Differential trends in cigarette smoking in the USA: is menthol slowing progress?
- Gary A Giovino1,
- Andrea C Villanti2,3,
- Paul D Mowery4,
- Varadan Sevilimedu4,
- Raymond S Niaura2,3,
- Donna M Vallone3,5,
- David B Abrams2,3,6
- 1Department of Community Health and Health Behavior, School of Public Health and Health Professions, University at Buffalo, The State University of New York, Buffalo, New York, USA
- 2The Schroeder Institute for Tobacco Research and Policy Studies at Legacy, Washington, District of Columbia, USA
- 3Department of Health, Behavior and Society, The Johns Hopkins Bloomberg School of Public Health, Baltimore, Maryland, USA
- 4Biostatistics, Inc., Atlanta, Georgia, USA
- 5Department of Research and Evaluation, Legacy, Washington, District of Columbia, USA
- 6Department of Oncology, Georgetown University Medical Center, Lombardi Comprehensive Cancer Center, Washington, District of Columbia, USA
- Correspondence to Dr Gary A Giovino, Department of Community Health and Health Behavior, School of Public Health and Health Professions, University at Buffalo, The State University of New York, 311 Kimball Tower, 3435 Main Street, Buffalo, New York 14214-8028, USA;
- Received 24 May 2013
- Accepted 8 August 2013
- Published Online First 30 August 2013
Introduction Mentholated cigarettes are at least as dangerous to an individual's health as non-mentholated varieties. The addition of menthol to cigarettes reduces perceived harshness of smoke, which can facilitate initiation. Here, we examine correlates of menthol use, national trends in smoking menthol and non-menthol cigarettes, and brand preferences over time.
Methods We estimated menthol cigarette use during 2004–2010 using annual data on persons ≥12 years old from the National Surveys on Drug Use and Health. We adjusted self-reported menthol status for selected brands that were either exclusively menthol or non-menthol, based on sales data. Data were weighted to provide national estimates.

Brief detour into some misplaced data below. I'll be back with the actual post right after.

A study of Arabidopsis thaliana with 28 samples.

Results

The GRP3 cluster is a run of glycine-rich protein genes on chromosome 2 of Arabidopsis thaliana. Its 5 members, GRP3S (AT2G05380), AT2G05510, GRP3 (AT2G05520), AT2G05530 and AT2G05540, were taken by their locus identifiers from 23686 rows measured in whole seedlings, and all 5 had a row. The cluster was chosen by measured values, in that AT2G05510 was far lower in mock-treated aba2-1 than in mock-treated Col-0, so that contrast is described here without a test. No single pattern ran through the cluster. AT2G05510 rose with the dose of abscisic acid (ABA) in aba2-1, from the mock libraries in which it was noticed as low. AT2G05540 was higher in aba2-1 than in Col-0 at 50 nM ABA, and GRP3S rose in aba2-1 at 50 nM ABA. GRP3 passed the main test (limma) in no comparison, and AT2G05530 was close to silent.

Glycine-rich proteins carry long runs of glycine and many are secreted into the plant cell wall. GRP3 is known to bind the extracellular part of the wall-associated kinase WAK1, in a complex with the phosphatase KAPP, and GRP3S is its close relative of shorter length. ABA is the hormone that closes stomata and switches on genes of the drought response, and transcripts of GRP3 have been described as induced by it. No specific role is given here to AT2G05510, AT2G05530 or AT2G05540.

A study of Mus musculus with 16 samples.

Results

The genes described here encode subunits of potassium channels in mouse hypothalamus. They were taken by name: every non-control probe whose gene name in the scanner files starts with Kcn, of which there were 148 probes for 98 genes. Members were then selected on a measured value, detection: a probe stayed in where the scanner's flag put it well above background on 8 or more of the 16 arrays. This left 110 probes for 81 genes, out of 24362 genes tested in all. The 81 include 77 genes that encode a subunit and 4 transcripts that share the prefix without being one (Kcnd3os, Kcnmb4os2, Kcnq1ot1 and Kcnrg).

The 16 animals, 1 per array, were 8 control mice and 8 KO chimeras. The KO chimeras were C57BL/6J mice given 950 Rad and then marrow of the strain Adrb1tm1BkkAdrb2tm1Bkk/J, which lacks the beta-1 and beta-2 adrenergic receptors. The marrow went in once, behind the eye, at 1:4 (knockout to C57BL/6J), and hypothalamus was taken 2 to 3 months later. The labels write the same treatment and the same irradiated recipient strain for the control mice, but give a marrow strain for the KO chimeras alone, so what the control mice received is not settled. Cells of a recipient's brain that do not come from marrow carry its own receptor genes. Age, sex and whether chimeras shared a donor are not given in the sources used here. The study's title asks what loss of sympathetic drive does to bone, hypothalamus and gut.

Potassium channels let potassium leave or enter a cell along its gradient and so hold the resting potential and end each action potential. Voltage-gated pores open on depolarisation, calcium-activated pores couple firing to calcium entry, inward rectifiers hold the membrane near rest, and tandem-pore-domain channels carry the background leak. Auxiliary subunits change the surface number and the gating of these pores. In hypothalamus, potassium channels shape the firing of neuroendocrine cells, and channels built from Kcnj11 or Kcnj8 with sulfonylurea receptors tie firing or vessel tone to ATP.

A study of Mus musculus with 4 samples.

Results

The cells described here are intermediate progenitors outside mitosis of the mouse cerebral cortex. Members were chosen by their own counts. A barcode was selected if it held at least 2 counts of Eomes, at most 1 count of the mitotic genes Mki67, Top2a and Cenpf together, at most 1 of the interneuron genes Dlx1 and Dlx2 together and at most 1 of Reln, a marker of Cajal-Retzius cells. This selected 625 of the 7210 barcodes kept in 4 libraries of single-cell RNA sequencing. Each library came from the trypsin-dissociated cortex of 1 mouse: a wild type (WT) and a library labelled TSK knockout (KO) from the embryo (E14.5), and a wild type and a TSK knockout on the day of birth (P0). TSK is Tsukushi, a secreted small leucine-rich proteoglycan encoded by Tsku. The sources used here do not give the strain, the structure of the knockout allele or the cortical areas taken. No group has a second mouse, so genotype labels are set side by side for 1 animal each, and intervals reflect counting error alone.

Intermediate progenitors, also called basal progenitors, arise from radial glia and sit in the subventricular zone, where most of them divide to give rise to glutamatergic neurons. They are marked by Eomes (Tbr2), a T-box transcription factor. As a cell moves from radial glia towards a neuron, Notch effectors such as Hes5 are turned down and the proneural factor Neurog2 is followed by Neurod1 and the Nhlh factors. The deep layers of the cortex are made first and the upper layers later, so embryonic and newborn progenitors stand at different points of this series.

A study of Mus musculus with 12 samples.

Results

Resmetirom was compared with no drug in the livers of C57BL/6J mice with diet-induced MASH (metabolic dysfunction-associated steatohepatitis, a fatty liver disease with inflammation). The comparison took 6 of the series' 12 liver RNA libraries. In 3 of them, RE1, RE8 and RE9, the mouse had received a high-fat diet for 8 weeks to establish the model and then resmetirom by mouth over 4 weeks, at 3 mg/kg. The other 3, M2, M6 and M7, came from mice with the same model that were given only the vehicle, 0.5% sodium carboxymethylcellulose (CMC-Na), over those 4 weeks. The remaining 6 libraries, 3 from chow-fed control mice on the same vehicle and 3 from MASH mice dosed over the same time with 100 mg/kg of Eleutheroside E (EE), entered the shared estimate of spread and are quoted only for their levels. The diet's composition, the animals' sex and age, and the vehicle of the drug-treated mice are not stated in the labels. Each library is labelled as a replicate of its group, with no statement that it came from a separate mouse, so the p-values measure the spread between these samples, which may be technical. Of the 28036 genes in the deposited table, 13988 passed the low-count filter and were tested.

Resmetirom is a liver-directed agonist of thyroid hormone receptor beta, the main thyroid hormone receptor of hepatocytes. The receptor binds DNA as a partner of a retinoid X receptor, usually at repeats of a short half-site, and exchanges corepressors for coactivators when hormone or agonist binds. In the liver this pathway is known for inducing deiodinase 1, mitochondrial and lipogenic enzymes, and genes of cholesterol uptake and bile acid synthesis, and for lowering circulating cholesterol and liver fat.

Results Among cigarette smokers, menthol cigarette use was more common among 12–17 year olds (56.7%) and 18–25 year olds (45.0%) than among older persons (range 30.5% to 32.9%). In a multivariable analysis, menthol use was associated with being younger, female and of non-Caucasian race/ethnicity. Among all adolescents, the percentage who smoked non-menthol cigarettes decreased from 2004–2010, while menthol smoking rates remained constant; among all young adults, the percentage who smoked non-menthol cigarettes also declined, while menthol smoking rates increased. The use of Camel menthol and Marlboro menthol increased among adolescent and young adult smokers, particularly non-Hispanic Caucasians, during the study period.
Conclusions Young people are heavy consumers of mentholated cigarettes. Progress in reducing youth smoking has likely been attenuated by the sale and marketing of mentholated cigarettes, including emerging varieties of established youth brands. This study should inform the Food and Drug Administration regarding the potential public health impact of a menthol ban.